Volume 2018 (2018), Article ID 7863520, 8 pages
Research Article

Experience and Expectations of Ovarian Cancer Patients in Australia

Centre for Community-Driven Research, Ultimo, NSW, Australia

Correspondence should be addressed to Catherine M. Holliday and Anne T. Holliday

Received 27 November 2017; Accepted 31 January 2018; Published 7 March 2018

Academic Editor: John R. Van Nagell

Copyright © 2018 Catherine M. Holliday et al. This is an open access article distributed under the Creative Commons Attribution License, which permits unrestricted use, distribution, and reproduction in any medium, provided the original work is properly cited.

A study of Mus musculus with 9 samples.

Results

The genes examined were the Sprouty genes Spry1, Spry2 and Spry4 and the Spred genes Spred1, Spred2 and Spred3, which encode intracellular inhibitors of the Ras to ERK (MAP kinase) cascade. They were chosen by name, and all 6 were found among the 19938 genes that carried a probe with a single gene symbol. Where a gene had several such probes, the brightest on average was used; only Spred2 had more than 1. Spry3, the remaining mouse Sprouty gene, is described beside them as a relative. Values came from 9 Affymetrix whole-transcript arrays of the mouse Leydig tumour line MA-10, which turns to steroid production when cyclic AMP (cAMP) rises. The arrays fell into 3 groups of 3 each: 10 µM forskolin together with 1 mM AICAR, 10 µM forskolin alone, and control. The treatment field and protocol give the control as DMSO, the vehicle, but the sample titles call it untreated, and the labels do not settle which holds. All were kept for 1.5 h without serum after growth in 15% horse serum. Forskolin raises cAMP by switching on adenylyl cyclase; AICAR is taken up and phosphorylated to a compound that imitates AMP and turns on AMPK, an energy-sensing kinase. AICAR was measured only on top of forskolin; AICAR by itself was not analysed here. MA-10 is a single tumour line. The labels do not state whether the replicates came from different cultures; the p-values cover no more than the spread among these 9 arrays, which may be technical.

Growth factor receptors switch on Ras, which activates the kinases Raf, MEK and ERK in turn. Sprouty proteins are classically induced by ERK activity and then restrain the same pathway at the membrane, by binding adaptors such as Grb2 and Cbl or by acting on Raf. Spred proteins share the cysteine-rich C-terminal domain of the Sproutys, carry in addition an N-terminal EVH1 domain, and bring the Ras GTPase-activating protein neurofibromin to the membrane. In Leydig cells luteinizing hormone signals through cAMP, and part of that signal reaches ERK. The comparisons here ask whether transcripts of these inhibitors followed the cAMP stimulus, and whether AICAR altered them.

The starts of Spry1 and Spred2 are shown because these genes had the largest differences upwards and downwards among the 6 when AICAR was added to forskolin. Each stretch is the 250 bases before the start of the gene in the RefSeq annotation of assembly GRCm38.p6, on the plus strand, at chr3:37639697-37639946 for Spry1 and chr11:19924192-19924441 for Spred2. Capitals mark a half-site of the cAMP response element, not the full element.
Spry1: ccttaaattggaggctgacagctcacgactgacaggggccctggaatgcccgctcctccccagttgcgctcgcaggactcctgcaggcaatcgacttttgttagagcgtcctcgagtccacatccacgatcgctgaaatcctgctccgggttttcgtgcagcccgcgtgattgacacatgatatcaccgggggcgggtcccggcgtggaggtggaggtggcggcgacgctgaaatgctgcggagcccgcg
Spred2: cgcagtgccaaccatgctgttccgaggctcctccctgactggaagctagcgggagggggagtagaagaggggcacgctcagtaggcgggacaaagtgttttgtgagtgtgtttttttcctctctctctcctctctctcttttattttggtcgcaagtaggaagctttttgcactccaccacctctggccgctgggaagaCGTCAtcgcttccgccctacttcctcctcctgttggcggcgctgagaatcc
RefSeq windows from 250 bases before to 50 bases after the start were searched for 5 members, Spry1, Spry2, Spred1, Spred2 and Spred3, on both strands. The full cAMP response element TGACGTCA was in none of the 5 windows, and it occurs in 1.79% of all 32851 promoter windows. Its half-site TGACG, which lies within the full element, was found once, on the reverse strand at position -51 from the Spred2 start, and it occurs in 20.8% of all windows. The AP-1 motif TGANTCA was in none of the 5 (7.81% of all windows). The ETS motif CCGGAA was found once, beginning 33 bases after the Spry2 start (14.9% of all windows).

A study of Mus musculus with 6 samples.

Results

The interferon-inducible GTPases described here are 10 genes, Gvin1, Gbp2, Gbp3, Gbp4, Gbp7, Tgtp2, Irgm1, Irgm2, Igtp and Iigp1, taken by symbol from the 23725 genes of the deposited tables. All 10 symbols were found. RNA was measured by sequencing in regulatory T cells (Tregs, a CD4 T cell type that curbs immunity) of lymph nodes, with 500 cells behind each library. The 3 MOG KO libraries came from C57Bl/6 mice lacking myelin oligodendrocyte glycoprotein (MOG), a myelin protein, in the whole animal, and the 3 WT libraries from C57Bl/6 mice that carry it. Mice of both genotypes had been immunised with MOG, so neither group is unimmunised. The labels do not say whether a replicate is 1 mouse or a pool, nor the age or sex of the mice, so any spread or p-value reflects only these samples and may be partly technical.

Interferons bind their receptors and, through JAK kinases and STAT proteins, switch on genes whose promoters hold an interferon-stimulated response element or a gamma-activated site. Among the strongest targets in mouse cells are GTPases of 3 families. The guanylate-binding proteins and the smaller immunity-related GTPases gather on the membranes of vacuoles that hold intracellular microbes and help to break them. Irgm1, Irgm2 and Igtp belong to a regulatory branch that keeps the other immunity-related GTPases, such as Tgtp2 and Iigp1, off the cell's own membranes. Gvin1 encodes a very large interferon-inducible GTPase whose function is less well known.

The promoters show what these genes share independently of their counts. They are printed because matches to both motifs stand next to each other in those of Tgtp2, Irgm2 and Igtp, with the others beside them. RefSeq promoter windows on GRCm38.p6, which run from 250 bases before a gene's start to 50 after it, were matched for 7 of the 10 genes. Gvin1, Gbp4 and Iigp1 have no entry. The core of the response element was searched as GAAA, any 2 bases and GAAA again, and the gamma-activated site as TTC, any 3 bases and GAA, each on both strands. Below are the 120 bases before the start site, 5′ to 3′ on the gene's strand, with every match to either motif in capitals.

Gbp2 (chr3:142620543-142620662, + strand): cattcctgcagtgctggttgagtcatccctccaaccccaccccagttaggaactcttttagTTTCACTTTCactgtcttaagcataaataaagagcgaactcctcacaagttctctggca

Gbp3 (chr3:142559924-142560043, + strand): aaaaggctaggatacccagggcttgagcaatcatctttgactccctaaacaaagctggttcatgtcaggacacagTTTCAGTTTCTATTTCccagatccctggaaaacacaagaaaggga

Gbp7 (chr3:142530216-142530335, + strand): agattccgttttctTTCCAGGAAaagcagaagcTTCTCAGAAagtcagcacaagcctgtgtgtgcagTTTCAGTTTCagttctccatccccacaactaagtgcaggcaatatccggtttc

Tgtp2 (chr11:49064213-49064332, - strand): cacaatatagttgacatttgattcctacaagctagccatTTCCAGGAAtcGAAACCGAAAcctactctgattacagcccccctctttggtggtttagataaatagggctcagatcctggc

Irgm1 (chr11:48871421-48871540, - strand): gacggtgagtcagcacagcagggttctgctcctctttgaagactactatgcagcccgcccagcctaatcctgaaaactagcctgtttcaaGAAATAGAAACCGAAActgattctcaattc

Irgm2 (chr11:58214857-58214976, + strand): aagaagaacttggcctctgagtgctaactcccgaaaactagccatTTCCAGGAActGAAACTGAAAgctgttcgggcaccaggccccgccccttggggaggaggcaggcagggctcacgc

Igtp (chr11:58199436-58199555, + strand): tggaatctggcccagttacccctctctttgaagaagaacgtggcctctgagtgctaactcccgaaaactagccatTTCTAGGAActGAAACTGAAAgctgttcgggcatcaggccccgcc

Some of the most significant advances in ovarian cancer treatment have been those that result in improvements in progression-free survival (PFS); however there is little research to understand the value that patients place on accessing therapies that result in PFS as a clinical outcome related to survivorship. This study therefore aimed to understand the experience and expectations of women with ovarian cancer in Australia in relation to quality of life (QoL) and treatment options. An online survey collected demographic information and 13 investigator-derived structured interview questions were developed to understand the experience of women with ovarian cancer, their understanding of terminology associated with their condition, and expectations of future treatment. This study demonstrated that ovarian cancer patients equate PFS with being in remission and that patients expect QoL during that time to be good to excellent. Women in this study described excellent QoL as feeling positive and happy and not worrying about cancer, feeling fit and healthy without side effects, and being able to live life as they did before their diagnosis, including the absence of fear of progression or recurrence. It is therefore suggested that there is a positive relationship between PFS and QoL. While it is difficult to quantify QoL and further research is needed, the results of this study suggest that the minimum time that women with ovarian cancer expect in relation to treatments that result in PFS is approximately six months. In the absence of this information, decision-makers are left to make assumptions about the value women place on access to therapeutics that increase PFS, which for this type of cancer is an important aspect of survivorship.